Having a dog as part of your family brings countless benefits. Perhaps when you thought about getting a new pet, you imagined playing with your dog – playing fetch in the park, or a cute puppy running around in your garden.

Playing with your dog in the garden is a great way to bond, giving your dog needed fun time and exercise, along with privacy and security. Especially if your dog gets nervous in public spaces such as parks, playing in the garden can be great for both of you.

However, before you let your pooch loose in the garden, you need to make sure your garden is dog friendly. While you want to great a fun space for your dog, the number one concern should be safety. There are certain elements of a garden, such as toxic plants, that can cause harm to your dog. So let’s consider a few key points to think about before letting your dog loose in the back yard!

Creating a Safe Space

Your dog’s safety should be the primary concern. It’s always good to do a quick check of your garden before letting your dogs outside. Depending on where you live, passers-by may throw litter or bits of food into your garden, especially if you don’t have a high fence. Your dog might find the litter and eat it.

Also, wandering cats might poo in your garden. Cat poo is a delicacy to dogs, so if your pet finds it, they’ll probably eat it! If this is a regular problem, it’s good to check for any litter or poo before letting your dog into the garden.

Enclosed Spaces

Ideally, your garden should offer security and privacy. Tall, secure fences or walls are good for keeping your dog in – and other animals out. Occasionally check your fences, to make sure there aren’t any gaps that your dog could squeeze out of.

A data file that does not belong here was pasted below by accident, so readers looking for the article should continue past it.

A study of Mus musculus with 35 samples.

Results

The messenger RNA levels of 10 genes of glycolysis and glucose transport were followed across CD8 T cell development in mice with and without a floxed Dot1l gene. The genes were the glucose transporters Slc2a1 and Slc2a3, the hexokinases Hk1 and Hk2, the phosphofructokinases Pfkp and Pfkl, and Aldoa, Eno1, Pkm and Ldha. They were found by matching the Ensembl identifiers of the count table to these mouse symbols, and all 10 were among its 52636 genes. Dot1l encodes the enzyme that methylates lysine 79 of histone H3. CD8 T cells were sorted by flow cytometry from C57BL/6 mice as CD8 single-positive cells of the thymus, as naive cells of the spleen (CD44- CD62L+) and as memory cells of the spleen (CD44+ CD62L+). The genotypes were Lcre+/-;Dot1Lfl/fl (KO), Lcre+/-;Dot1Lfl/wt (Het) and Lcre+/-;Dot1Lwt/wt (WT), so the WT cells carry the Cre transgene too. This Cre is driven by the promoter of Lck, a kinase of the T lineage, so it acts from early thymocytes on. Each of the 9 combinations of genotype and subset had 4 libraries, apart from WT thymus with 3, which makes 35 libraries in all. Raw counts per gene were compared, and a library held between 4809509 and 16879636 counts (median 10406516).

This is especially important if you live near a road. Even if you have a well-trained, reliable dog, there’s always the possibility that your dog could see something that catches their eye – like a cat on the other side of the road, for example. A secure space means that you can confidently let your dog out to run around in the garden.

Avoid Using Harmful Chemicals

Just because your dog loves running around in your garden doesn’t mean you’re excused from gardening! However, many gardening products contain harmful chemicals. For example, slug-repellent pellets are toxic to dogs. Additives in ponds are also a bad idea, as your dog may try and drink from water features.

Beware of Toxic Plants

Most dogs will eat anything they think is edible – and this could extend to plants, too. Some plants are toxic to dogs. Especially if you have a large garden and can’t keep your dog in your eyeline all the time, beware of your dog eating large quantities of plants.

Of course, this doesn’t mean you can’t have beautiful flowers and plants in your garden. Puppies are more likely to try and eat plants, and they often grow out of this behaviour. However, if you’re concerned, there are plenty of non-toxic plants you can put in your garden. Sunflowers, roses, and snapdragons are safe for dogs to eat. Feel free to do your own research and find out what plants you can safely add to your garden.

Creating a Fun Space

A garden is the perfect place to train a new dog. You can teach your dog all the basic commands, such as sit, stay, fetch, lie down, come back, and more, all without the worry of your dog deciding to try and run away. A properly enclosed garden gives privacy, the perfect place for your dog to burn off excess energy.

There are a few things you can do to make your garden a fun and stimulating environment for your dog.

Clearly Defined Boundaries

An excited dog running through your flowerbeds is a recipe for destroyed plants. Flimsy plants aren’t likely to last long in a garden with a boisterous dog, so this is something you may want to consider.

Raised flower beds and defined boundaries can keep your dog from digging in your vegetable patch or racing through your prize Michaelmas Daisies.

A Variety of Textures

Creating a fun environment could be as simple as adding extra textures to your garden. There could be a shrubbery that your dog is free to sniff around in, a gravel drive, and a mossy lawn. If your garden is large enough, why not create paths for your dog to run along, and designed digging areas?

Open Spaces

If your garden has space, a smooth, open lawn is ideal for energetic dogs. This is a good way for a dog to burn off the “zoomies”, off the lead and with total freedom.